Minot’s MAGIC Fund supported only two projects in 2019, but one of those projects already is having a positive impact on the local economy.
The city approved $500,000 in 2019 and $500,000 in 2020 from the MAGIC Fund to Souris Basin Planning Council to create a Business Accelerator Fund. The revolving loan fund provides loans up to $70,000 to match Bank of North Dakota PACE and Flex PACE loans. Individuals and public or private entities in Bottineau, Burke, McHenry, Mountrail, Pierce, Renville and Ward counties are eligible, but 70% of the fund must be loaned within the city of Minot.
Since the fund launched in mid-June, five loans totaling $141,136 were issued, creating or retaining 71 jobs, according to SBPC. The new investment leveraged nearly $5.4 million in addition to the local fund dollars. The five businesses, all located in Minot, included two startups and three expansions.
The second MAGIC Fund application was for up to $300,000 to Visit Minot, MADC and the Chamber of Commerce for communitywide market research and a unified branding strategy. Last December, the One Brand Campaign released the results of a community perception survey.
Also last year, the Minot City Council agreed to divert sales tax dollars from the MAGIC Fund to hire an economic development specialist, with a salary range of $70,432 to $106,041. The city began advertising last April and now has a potential candidate under consideration.
The annual MAGIC Fund Screening Committee report submitted by the committee chairman Jason Zimmerman to the council this month showed overall sales tax collections into the fund were up from budget by $162,017 while actual collections were up $73,362 from 2018. Overall revenue for 2019 totaled $1.78 million, which was $235,292 more than budgeted.
The MAGIC Fund had an ending balance of $10.2 million at the end of 2019.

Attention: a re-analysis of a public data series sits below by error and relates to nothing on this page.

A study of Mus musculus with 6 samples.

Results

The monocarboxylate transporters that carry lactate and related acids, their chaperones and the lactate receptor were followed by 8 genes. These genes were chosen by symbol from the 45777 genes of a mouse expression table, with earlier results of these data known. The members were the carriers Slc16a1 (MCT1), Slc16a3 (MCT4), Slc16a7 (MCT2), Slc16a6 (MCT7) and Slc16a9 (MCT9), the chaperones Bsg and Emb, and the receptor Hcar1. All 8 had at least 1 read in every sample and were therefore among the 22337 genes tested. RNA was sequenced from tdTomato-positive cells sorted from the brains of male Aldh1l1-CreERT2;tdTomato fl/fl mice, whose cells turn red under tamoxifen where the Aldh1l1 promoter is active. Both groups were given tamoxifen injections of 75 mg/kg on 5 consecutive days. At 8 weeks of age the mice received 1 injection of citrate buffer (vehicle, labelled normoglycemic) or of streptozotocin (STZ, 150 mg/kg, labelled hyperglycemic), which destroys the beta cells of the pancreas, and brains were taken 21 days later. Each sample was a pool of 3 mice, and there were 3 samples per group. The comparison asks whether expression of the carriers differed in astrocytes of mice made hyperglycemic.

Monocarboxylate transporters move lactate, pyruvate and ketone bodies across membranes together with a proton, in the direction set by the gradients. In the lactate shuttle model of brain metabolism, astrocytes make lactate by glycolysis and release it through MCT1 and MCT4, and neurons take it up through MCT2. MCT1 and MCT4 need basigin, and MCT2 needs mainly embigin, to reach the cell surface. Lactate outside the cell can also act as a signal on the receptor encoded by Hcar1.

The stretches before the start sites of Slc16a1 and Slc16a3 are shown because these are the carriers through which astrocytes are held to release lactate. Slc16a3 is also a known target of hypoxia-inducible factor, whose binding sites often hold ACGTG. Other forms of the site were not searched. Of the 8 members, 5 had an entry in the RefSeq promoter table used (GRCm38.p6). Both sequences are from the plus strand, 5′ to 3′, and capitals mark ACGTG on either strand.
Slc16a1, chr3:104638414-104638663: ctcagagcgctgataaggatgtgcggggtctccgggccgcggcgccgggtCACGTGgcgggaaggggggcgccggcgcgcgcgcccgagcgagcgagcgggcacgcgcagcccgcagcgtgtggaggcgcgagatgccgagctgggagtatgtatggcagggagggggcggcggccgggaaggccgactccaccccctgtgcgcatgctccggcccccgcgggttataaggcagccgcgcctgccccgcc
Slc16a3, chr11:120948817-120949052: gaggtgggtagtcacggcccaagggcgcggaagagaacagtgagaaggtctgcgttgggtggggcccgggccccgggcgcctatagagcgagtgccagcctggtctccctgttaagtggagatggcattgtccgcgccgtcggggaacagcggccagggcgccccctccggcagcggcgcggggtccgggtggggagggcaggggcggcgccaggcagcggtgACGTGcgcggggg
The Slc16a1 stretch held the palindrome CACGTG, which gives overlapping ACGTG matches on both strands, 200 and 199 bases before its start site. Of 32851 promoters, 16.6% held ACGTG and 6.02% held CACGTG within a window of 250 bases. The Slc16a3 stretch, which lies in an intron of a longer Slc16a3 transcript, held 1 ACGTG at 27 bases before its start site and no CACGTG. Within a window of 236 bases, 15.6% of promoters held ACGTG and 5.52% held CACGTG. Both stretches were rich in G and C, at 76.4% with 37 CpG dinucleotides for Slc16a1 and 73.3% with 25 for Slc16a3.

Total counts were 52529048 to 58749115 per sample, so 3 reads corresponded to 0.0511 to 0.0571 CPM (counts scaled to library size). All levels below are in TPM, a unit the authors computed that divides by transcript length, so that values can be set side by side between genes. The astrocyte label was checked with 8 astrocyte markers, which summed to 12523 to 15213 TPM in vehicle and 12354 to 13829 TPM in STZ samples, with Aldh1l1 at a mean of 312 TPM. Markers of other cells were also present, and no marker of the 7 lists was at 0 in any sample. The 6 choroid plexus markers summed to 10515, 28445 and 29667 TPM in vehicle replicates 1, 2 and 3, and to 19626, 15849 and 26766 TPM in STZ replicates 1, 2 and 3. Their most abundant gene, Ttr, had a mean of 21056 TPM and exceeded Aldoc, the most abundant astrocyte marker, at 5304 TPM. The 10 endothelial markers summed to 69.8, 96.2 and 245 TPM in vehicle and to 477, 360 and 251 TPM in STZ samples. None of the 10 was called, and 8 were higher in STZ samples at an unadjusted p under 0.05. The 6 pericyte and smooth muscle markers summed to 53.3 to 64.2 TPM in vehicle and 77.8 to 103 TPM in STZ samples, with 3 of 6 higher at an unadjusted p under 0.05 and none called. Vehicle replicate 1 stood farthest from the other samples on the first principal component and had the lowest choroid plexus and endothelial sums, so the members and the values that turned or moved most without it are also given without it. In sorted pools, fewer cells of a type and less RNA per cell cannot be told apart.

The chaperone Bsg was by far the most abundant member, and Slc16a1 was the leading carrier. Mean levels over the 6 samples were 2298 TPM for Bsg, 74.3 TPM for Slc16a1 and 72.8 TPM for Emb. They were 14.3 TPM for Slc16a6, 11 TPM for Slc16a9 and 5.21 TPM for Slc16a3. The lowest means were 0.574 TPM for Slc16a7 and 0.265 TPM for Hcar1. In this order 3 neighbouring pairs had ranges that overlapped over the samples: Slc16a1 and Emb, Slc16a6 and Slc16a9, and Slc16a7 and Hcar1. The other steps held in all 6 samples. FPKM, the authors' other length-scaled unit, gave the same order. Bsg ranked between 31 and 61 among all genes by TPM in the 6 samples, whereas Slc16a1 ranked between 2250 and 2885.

The reported stated, “The Minot economy has shown some improvement in ‘pockets’ but mixed commodity markets in our leading sectors of agriculture and oil and gas along with the recent announcements of various retail closings continue to have an impact on the overall health of our economy real and perceived.”
Brady Martz and Associates independently verified previous MAGIC Fund awards for compliance with criteria and issued reports on SkySkopes and Kalix.
Grand Forks-based SkySkopes announced its expansion into Minot in December 2016. In 2017, the city awarded a $375,100 forgivable loan if the company created 15 new, full-time jobs in three years.
SkySkopes’ development agreement with the city requires it to meet three employment benchmarks. It achieved the first and second benchmarks, having at least seven full-time positions by July 2019. The company was hiring in 2019 and has stated it is on target to meet the 15 positions.
The audit also found SkySkopes met its requirement to invest at least $300,000 by July 2019 in its Minot office.
The unmanned aviation systems company opened a downtown office in October 2018. The Minot office is primarily focused on the company’s oil and gas business.
The MAGIC Fund had awarded a $126,000 grant and $126,000 forgivable loan in 2014 to buy a baler for Kalix’s recycling operation. Minot Vocational Workshop, which operates Kalix, failed to meet the minimum employee hour commitment in its development agreement. The review calculated 21,393 hours, which was short of the 30,000 hours required.
Minot Vocational Workshop will remit back to the city the pro-rated portion of funds that did not meet the requirements of the development agreement, amounting to $3,615.
Kalix has a total loan remaining of $63,000, while SkySkopes has $125,033, which is forgivable. The city wants $750,000 from the developer of the downtown parking ramps, with whom it currently is in court. There also is a $1 million loan from 2015 on the parking ramps to be repaid to the MAGIC Fund by 2025.